More than 92 million people flew through Atlanta in 2011, giving it the dubious honor of world’s busiest airport. This year is already looking bigger and better, thanks to a new terminal that can save up to 45 minutes in travel time.
Atlanta’s $1.4 billion Maynard H. Jackson Jr. International Terminal is one of the much-needed new airport terminals whose innovations address the modern air travel experience—with its complex security procedures, crowded-to-capacity flights, and expectations of Wi-Fi and enough diversions to withstand delays.
“Passengers are spending up to an hour longer inside the airport than they did just a decade or so earlier,” says Tom Theobald, architect and principal at Fentress Architects, which specializes in airport design. He noted that even as air travel has changed dramatically, too often that added time is spent in airports built in the ’60s and ’70s.
Forward-thinking city and airport officials worldwide understand that investing in infrastructure lures more tourists, and at least some are taking action to introduce new terminals, overhaul old ones—or, as in Doha, reclaim a piece of land and start an airport from scratch. A common goal is to improve passenger flow and efficiency, while considering aesthetics, sustainability, and the needs of today’s jet-setters.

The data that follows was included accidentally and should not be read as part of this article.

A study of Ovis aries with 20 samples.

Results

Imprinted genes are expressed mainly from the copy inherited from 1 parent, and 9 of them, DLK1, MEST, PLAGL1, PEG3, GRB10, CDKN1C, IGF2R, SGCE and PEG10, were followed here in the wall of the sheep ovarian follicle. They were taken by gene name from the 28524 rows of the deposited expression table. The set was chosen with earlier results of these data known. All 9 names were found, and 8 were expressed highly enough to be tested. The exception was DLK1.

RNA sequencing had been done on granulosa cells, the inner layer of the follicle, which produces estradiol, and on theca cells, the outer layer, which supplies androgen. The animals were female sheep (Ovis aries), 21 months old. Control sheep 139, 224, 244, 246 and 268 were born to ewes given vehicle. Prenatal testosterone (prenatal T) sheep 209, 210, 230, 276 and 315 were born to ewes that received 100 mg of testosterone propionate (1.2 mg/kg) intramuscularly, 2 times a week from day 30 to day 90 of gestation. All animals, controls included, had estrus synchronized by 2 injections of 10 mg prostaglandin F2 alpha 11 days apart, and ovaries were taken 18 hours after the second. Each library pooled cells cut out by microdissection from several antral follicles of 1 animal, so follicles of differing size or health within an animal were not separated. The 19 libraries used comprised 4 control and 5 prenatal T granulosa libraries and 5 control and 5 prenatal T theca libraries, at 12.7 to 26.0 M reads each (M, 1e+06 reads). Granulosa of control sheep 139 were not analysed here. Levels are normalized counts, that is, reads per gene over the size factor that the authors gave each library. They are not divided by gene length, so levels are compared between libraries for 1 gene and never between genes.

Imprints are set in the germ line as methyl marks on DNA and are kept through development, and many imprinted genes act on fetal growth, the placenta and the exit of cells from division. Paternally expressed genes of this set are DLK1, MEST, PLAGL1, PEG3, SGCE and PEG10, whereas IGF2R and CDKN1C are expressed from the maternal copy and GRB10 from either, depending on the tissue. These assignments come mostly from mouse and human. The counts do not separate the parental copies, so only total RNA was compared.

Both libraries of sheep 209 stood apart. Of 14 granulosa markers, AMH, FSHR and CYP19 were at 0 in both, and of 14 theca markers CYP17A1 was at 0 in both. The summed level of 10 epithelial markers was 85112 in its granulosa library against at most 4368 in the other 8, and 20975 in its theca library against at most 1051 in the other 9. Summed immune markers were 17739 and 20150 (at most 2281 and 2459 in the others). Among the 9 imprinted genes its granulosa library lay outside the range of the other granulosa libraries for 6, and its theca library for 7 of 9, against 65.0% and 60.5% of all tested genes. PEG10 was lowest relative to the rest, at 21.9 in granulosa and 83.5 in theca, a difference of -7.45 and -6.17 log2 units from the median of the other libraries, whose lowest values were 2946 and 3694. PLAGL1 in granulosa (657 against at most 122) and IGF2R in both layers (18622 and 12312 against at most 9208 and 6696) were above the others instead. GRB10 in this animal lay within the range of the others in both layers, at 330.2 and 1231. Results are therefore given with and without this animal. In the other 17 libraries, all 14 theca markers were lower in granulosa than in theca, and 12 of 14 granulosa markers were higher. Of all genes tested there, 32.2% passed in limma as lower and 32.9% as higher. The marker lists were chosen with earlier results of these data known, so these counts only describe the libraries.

You don’t have to go far to be able to charge your smartphone at Sacramento’s International Airport Terminal B, for instance. It was unveiled in October 2011 with 140 tables of two USB ports and a two-plug outlet each—more than any other U.S. airport, according to PC World.
At Liberia airport in northwestern Costa Rica, a new international terminal provides another kind of convenience: easier access to the beaches of Tamarindo, the Nicoya Peninsula, and national parks. It opened to meet growing tourist demand. Instead of assigned ticket counters, any airline can operate at any ticket space or gate location using pioneering common-use terminal equipment.
Even as they introduce new technologies, some terminals and airports are also incorporating decidedly local design elements and vendors. “Not only are the selections healthier, but airports like LAX are bringing in local spots, like Pink’s Hot Dogs, that you wouldn’t find anywhere else in the country,” says John DiScala, who spends 220 days a year on the road and founded JohnnyJet.com.
Ready to upgrade your next trip? We’ve listed the airlines that serve these new terminals, including LAX’s T6, and the innovations that will help make your airport experience more pleasant.